The elevator doors opened and closed. Unknown to the passengers, a meeting had just been called.
The year was 1977. Jack and Shirley Barker, who now live in Pasco, had owned and operated the Thriftway grocery store in Yakima for upwards of a decade. A town where they’d grown up, a place they loved.
“We were on First Street, the main highway coming in from Ellensburg, the Yakima Firing Center and Cascade Mill down the road,” Jack said as he recalled the constant flow of traffic and shoppers. “We were profitable.”
So it seemed a bit of a puzzle when, after about nine years operating the business, they both started thinking the same thought that had come to mind — one the two didn’t share with each other right away.
“We both felt impressed by the Lord to sell the store,” Shirley said as she recalled the strong feeling.
The store was in a perfect location, and folks who bought groceries there went from acquaintances to friends. Why would they even consider letting a successful grocery store — their livelihood — go? Even an unpleasant moment or two wouldn’t have been enough to consider a sale.
However, there was one incident that still makes them cringe.
“It was getting close to closing time,” Jack said as he thought about the memory that lingers. “We had a lot of elderly widows who shopped with us and one had just bought some groceries.”
No sooner had the sprightly, white-haired senior moved a few steps from the cashier than a masked man appeared demanding money from the cash register; the clerk obediently opening the till. But what the robber didn’t know was that “granny” wasn’t about to stand helplessly by.
“The little old lady hauls off and whacks him with the double half-gallon milk cartons, the ones joined at the top by a plastic handle,” Jack said, describing the makeshift weapon. “And that threw him off balance.”
Following her lead, the cashier leaped in and started hitting the robber while the box boy grabbed a can of soup and hit the thief on the head.
“One shot went through the plate glass window and one went into an overhead beam,” Jack said, shaking his head at the remembrance. “It’s a wonder someone wasn’t killed.”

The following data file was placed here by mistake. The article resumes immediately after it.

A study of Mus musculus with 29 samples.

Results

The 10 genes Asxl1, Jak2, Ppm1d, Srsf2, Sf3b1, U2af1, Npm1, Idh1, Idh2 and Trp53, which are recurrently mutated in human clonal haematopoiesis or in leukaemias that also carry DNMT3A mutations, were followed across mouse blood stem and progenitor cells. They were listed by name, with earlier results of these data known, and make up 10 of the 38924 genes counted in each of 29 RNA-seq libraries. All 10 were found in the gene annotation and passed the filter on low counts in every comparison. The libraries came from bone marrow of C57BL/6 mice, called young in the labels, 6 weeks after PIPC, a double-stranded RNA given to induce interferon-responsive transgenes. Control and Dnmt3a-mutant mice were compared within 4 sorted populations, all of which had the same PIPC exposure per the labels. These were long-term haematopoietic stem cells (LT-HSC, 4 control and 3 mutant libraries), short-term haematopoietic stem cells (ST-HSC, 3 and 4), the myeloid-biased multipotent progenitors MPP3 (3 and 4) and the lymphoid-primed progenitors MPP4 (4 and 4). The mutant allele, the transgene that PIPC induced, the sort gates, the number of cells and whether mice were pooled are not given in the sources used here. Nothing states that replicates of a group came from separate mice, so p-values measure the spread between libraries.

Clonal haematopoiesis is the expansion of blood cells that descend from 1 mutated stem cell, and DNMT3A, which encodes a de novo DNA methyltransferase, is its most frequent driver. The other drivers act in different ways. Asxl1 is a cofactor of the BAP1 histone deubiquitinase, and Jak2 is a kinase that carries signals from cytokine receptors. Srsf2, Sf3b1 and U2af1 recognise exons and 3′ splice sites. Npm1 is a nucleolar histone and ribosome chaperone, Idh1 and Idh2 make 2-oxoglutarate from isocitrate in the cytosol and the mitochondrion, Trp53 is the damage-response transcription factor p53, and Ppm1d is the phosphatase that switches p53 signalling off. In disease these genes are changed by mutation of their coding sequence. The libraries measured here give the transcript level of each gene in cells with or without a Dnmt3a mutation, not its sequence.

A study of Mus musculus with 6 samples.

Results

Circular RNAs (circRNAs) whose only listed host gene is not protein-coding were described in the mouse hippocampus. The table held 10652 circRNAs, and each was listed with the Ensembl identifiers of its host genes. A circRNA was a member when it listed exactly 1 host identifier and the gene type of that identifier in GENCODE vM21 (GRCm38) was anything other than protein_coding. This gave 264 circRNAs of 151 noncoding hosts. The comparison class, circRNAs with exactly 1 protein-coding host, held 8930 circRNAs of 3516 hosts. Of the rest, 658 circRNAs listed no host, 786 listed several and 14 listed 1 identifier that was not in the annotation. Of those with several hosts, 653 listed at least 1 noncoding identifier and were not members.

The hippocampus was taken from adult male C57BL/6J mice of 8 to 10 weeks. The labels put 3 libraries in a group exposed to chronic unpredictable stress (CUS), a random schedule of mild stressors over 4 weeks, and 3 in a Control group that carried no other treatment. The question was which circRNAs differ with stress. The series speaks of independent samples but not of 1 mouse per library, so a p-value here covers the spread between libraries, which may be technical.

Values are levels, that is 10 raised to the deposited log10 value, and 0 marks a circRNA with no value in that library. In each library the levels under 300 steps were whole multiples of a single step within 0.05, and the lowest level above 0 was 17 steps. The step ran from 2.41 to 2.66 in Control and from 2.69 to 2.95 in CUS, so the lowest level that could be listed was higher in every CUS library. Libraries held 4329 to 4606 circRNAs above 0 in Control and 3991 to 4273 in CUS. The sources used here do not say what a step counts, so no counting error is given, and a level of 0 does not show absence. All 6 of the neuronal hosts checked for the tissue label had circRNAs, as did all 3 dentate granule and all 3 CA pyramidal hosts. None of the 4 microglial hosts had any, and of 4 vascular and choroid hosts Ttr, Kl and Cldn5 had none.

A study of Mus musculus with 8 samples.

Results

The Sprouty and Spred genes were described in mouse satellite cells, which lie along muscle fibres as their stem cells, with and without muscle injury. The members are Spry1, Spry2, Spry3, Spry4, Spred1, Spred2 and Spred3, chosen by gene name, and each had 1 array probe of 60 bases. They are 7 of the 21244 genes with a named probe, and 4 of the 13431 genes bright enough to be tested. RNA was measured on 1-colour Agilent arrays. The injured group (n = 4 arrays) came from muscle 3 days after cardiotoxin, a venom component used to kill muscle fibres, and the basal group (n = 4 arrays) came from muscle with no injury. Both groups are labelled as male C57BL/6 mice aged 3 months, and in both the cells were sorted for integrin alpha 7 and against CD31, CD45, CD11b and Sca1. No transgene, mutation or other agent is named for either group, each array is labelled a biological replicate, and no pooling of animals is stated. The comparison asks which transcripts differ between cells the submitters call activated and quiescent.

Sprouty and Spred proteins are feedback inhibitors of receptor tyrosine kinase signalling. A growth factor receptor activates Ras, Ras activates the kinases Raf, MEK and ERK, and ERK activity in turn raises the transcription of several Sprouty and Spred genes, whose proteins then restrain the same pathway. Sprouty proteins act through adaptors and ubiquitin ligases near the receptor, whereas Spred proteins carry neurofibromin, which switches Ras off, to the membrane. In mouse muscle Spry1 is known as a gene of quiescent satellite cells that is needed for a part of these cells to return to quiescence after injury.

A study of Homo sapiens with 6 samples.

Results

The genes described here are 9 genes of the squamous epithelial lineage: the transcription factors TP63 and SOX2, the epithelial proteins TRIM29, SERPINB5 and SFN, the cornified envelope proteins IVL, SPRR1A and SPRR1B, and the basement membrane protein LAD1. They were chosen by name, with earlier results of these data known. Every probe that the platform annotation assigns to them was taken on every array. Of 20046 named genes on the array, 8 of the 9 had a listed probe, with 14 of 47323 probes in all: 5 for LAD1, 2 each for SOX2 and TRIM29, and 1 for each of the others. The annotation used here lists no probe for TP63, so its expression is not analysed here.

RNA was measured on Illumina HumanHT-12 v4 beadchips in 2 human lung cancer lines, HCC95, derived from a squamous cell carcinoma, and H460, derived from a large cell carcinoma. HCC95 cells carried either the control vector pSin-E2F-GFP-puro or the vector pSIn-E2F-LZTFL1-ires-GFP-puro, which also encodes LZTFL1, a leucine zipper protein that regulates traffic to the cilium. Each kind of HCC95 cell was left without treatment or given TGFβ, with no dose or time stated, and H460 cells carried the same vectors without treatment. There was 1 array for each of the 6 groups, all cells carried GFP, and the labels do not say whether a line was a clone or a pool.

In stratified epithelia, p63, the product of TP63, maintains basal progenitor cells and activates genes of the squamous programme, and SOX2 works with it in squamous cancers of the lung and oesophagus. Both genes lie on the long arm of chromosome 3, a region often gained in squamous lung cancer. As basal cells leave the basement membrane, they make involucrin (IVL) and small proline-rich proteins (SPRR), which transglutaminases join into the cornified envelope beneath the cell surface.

But “someone” did go to prison. About two years later, Jack and Shirley got a note in the mail from the fella who had attempted to rob their store.
“He wrote a long letter and apologized for trying to steal from us,” Jack said with a smile as he retold the inmate’s words. “He said he’d become a Christian — and he wasn’t a crook anymore.”
The couple, strong in their faith, certainly hadn’t forgotten about the young man, but in a way one might not expect. On their prayer list, he was up close to the top.
But that incident, along with a few others over the years, hadn’t been enough for either to consider giving up their Thriftway market — until their simultaneous spiritual impression.
“It was probably a year that we talked about it,” Jack said, recalling their ambivalence about taking that kind of step without seeing a reason to do so. “We prayed, ‘If you want us to sell the store, send someone.’ We decided we wouldn’t put it up for sale.”
Months passed and the couple kept silent about their mutual prayer. Life was routine as they waited.
In fall 1977, an Associated Grocers conference was held in Hawaii. Members, like Jack and Shirley, were welcome, an opportunity to see what was new and innovative. The couple could combine business with a vacation.
At the conference center, Jack and Shirley found their way to the bank of elevators and stepped inside. An AG member from the Yakima area recognized them and they chatted briefly as the floors sped past.
But a sudden comment stopped them short.
“He said, ‘Do you want to sell the store?’ ” Jack said about the unexpected offer. “And right then Shirley and I knew. We didn’t even have to look at each other because we knew it was an answer to prayer,”
No advertising. Not a word to anyone. Sold in 60 days.
But that’s not the end of the story.
What Jack and Shirley couldn’t see coming in the future was the new Interstate 82 that would one day bypass their grocery store or that Yakima’s largest employer, Cascade Mill, would close, leaving their livelihood in the dust.
And the young man who bought the Thriftway grocery store? He had a food locker and butcher business, so the Thriftway was an aside, not his only means of support. After the freeway went in, he sold the business and the building at a sizable profit, Jack said.
“God has done things in our life that we didn’t realize he was doing at the time,” Shirley said thoughtfully. “When I think back how God has surprised us, ‘Mercy!’ ”
Like the unexpected “meeting” in the elevator.
For this couple who have sent heavenward more than one prayer in their 52 years of marriage, they have learned to trust, believing God sees what’s “going down” in the days ahead.